Race bias claims can be based on inadequate training, a new ruling from the U.S. Court of Appeals for the Fifth Circuit says. In this case, however, the employee lost his race bias claim because he did not prove his claim that he was provided inferior training based on his race.
Omar Rahman, who is Black, was hired by Exxon in 2017 as a trainee to work as an operator at a polyolefins plant in Louisiana.
Like others hired for the same position, Rahman had to complete a two-step training program that involved classroom instruction and field training. After months of training, trainees must pass a final walkthrough to make sure that they can safely run a unit. If they don’t pass, Exxon fires them.
Rahman barely passed the first part of training but was unable to successfully complete his walkthrough despite being given two chances to do so.
Race bias suit alleges inadequate training
He sued Exxon for race discrimination, saying it violated Title VII by inadequately training him because he is Black. He said a fellow trainee who is white passed his final walkthrough even though he did not have “greater knowledge or ability or education.” He also said he got just two days of training on subjects that the white trainee got 15 days to learn.
A lower court ruled for Exxon. It said Rahman was unable to show that his alleged inadequate training was an adverse employment action. It also said he did not prove that Exxon’s staff discriminated against him in the walkthrough or that he was qualified for the operator position. Rahman appealed.
By a 2-1 vote, a panel of the Fifth Circuit affirmed the lower court’s ruling.
Rahman argued to the panel that inadequate training can be an adverse employment action if it is “directly tied to [the] decision to terminate.” He said there was adverse action because there was a strong connection between the alleged lack of training and the termination decision.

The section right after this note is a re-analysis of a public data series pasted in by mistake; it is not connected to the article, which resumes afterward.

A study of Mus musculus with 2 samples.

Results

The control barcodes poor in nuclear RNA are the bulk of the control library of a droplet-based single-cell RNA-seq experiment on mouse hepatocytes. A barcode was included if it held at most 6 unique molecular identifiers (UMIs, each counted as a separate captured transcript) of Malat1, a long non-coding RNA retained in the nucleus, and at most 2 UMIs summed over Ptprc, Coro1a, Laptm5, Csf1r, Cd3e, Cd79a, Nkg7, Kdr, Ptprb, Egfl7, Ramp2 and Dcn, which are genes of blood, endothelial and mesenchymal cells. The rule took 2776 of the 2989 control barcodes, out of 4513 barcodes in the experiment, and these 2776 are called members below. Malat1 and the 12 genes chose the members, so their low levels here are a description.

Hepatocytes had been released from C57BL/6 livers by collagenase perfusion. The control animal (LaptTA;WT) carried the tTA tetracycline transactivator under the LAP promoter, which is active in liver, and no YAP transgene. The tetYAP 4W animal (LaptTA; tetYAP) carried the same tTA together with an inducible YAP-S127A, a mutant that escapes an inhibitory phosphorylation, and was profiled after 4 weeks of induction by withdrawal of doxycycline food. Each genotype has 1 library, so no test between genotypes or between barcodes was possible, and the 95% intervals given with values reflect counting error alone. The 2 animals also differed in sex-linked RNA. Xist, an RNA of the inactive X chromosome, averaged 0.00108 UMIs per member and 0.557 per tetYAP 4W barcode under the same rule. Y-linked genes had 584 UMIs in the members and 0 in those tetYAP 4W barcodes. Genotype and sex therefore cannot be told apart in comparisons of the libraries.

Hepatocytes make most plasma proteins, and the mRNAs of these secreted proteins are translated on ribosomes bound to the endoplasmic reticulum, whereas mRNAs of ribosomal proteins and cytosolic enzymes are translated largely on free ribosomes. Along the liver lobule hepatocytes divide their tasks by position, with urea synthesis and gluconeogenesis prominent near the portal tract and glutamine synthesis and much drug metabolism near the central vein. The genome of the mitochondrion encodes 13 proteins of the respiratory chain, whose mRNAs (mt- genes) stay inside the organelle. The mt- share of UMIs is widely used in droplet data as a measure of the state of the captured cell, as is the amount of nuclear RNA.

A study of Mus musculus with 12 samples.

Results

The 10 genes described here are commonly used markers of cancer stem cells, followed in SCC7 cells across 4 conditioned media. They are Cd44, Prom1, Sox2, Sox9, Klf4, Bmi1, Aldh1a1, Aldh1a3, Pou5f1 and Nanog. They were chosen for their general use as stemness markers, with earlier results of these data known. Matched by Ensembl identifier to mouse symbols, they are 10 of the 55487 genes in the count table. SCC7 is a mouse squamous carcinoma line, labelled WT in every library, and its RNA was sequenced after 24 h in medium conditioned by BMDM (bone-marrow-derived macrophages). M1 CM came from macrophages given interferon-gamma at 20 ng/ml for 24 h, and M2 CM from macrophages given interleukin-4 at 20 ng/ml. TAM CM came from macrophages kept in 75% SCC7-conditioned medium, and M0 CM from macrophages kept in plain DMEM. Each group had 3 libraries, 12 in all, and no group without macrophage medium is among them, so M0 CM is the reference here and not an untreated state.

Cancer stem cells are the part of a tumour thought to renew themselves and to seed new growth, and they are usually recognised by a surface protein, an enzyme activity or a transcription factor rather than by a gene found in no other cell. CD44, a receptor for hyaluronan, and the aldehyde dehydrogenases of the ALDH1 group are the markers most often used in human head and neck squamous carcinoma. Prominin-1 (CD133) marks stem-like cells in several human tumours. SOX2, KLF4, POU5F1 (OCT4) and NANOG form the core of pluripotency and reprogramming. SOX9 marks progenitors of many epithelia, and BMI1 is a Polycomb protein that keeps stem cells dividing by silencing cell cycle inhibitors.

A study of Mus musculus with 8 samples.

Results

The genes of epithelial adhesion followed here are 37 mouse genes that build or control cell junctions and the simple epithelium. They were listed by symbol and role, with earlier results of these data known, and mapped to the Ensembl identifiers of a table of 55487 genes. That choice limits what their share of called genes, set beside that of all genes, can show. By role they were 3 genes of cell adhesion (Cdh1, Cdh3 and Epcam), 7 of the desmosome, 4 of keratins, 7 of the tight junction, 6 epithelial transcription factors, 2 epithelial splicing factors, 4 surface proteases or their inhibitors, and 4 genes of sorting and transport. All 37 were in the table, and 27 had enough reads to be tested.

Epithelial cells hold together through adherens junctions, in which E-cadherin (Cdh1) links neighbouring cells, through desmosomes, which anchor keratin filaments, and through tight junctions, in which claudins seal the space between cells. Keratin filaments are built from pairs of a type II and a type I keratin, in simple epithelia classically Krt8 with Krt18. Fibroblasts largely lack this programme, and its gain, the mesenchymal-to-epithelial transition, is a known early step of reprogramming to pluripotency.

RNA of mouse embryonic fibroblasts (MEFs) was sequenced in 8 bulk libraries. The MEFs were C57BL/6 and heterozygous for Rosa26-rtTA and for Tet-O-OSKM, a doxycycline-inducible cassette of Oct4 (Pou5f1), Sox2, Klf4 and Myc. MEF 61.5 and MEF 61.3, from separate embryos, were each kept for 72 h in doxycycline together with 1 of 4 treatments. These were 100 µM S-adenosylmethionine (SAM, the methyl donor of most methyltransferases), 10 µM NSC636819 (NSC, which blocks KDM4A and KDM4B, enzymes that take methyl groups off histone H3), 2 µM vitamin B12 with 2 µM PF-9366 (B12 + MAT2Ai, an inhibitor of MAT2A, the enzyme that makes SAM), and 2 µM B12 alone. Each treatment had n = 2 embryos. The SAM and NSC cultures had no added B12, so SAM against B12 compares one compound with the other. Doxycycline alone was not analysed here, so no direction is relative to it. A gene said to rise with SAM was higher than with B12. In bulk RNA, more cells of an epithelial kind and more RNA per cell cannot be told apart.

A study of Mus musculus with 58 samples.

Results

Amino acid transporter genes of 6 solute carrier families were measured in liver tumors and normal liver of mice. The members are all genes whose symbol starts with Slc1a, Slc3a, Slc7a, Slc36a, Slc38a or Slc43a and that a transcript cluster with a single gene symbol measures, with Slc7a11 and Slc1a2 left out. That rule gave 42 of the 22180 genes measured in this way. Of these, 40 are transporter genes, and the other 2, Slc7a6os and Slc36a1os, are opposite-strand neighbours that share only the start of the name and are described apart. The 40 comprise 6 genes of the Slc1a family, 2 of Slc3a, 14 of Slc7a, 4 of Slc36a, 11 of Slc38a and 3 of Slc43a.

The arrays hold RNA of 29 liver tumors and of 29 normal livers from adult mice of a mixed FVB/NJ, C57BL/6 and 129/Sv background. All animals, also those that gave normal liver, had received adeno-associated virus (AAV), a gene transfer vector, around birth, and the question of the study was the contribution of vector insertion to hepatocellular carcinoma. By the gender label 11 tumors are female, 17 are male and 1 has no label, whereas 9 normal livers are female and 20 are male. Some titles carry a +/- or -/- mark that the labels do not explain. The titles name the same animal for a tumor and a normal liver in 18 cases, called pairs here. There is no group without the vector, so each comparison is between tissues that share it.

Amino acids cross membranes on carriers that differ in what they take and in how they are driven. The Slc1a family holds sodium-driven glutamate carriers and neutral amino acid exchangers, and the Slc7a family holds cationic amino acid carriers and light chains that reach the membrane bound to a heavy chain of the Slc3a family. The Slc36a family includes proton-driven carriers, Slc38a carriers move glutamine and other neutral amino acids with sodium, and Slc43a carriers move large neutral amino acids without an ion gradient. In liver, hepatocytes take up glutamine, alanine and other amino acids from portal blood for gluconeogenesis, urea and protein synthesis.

Good news, bad news
The appeals court agreed with Rahman that inadequate training can be an adverse job action sufficient to support a claim of race discrimination.
“[W]e plainly hold now that an inadequate training theory can satisfy the adverse action prong of McDonnell Douglas if the training is directly tied to the worker’s job duties, compensation, or benefits,” the court said. (Emphasis in original.)
In other words, inadequate training can qualify as an adverse job action for purposes of helping to prove a discrimination allegation.
An inadequate training claim must be based on a failure to provide comparable training, the court explained.
There must be a roughly similar opportunity to access the necessary parts of a training program, it added. Training programs can vary in inconsequential ways and do not have to be exactly the same for everyone, it said.
In this case, Exxon gave Rahman a handbook and time each workweek to study. It also assigned him an experienced trainer to go over the handbook with him, and Rahman also learned from at least five other operators in his unit. In addition, it allowed him to work overtime so he could finish studying his handbook, and it pushed his test back for him.
Because his training paralleled the training that Exxon provide to Rahman’s white counterpart, Rahman’s training program could not have been inadequate, the appeals court decided.
“Rahman’s inadequate training theory fails under the weight of the undisputed facts,” the court decided.
Rahman received ample training opportunities, the court said. As a result, he could not rely on an alleged failure to provide adequate training based on race discrimination.
Takeaway: Be aware that discrimination allegations can be based on a broad range of conduct that can occur anywhere on the spectrum of the employer-employee relationship.
Rahman v. Exxon Mobil Corp., No. 21-30669, 2023 WL 142560 (5th Cir. 1/10/23).